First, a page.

Hon Maggie Barry
Minister of Conservation
26 February 2016
Whio conservation success on Mt Taranaki
The reintroduction of whio/blue duck to Mt Taranaki has been a major success story for New Zealand’s native animals,
Conservation Minister Maggie Barry says.
Ms Barry helped release six captive-reared whio near the North Egmont Visitor Centre this afternoon as part of the
ongoing reestablishment project.
“Whio were extinct on Mt Taranaki by the 1940s due to predation by stoats, ferrets and other mammals,” Ms Barry says.
“There’s now a thriving population of at least 33 pairs on monitored rivers and so far this breeding season 29 new
ducklings have been seen.”
Whio are a notoriously difficult bird to protect, due to their habitat preference for fast flowing mountain rivers.
Since the late 1990s, DOC has worked to re-establish them on Taranaki supported by the Central North Island Blue Duck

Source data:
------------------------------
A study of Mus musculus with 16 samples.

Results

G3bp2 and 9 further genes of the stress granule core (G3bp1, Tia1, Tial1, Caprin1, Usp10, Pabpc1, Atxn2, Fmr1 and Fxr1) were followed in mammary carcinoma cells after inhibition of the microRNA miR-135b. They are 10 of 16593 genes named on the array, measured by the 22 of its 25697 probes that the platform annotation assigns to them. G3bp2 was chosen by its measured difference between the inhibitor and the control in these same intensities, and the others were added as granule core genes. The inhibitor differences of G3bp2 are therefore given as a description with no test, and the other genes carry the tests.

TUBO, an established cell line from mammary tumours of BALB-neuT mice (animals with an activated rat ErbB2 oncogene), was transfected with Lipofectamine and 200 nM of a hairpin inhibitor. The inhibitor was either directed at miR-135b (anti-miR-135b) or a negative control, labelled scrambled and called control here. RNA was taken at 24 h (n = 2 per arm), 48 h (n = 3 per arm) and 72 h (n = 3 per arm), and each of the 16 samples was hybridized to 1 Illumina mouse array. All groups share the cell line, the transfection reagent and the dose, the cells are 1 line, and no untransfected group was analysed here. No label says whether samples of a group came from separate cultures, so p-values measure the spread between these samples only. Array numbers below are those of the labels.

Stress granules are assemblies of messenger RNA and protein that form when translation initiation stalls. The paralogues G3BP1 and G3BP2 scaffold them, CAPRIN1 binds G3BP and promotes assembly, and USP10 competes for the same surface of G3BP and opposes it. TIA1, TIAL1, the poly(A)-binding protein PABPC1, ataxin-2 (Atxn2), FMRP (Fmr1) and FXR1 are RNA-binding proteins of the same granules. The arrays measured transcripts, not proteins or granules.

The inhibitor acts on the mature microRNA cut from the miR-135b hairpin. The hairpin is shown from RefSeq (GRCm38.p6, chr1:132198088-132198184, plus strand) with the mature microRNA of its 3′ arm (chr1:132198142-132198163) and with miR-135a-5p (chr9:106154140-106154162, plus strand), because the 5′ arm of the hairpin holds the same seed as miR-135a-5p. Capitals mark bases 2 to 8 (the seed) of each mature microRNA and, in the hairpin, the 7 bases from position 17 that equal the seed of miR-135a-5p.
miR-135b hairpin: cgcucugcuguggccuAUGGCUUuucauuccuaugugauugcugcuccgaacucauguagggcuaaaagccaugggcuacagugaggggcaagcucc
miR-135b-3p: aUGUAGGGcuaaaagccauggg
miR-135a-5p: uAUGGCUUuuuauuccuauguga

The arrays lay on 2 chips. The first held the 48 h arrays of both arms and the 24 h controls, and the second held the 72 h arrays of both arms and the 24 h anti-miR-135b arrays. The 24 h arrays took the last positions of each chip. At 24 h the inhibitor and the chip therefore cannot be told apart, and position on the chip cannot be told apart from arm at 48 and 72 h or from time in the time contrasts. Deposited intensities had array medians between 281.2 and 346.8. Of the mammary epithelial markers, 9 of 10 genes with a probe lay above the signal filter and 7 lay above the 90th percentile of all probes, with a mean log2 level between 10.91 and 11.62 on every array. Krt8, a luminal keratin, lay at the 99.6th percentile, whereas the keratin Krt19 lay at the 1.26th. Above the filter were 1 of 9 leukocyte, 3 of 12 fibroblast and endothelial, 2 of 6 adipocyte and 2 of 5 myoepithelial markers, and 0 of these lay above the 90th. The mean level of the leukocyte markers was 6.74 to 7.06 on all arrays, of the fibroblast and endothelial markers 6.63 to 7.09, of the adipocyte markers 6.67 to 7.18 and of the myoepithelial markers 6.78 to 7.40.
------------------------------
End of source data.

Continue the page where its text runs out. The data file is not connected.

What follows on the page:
Trust and the department’s Whio Forever partnership with Genesis Energy.
Birds reared in captivity were released into the park, with the first wild-born ducklings hatched in 2005, two years
after predator trapping began.
The captive-reared birds released today will hopefully begin breeding themselves, adding to the natural increase in the
“Whio Forever is a superb example of DOC partnering with business,” Ms Barry says. “The five-year programme has enabled
DOC to double the amount of secure breeding sites for whio and boost pest control to protect them.”
A 7500 hectare predator control zone covered by more than 1100 traps now protects the whio population on Mt Taranaki.
“Without stoat trapping, it would be impossible for whio to breed on Mt Taranaki,” Ms Barry says.
“We must continue to fight back against the predators who threaten our native wildlife – the success of the Taranaki
whio project proves once pests are gone natives can thrive and get on with doing what nature intended.”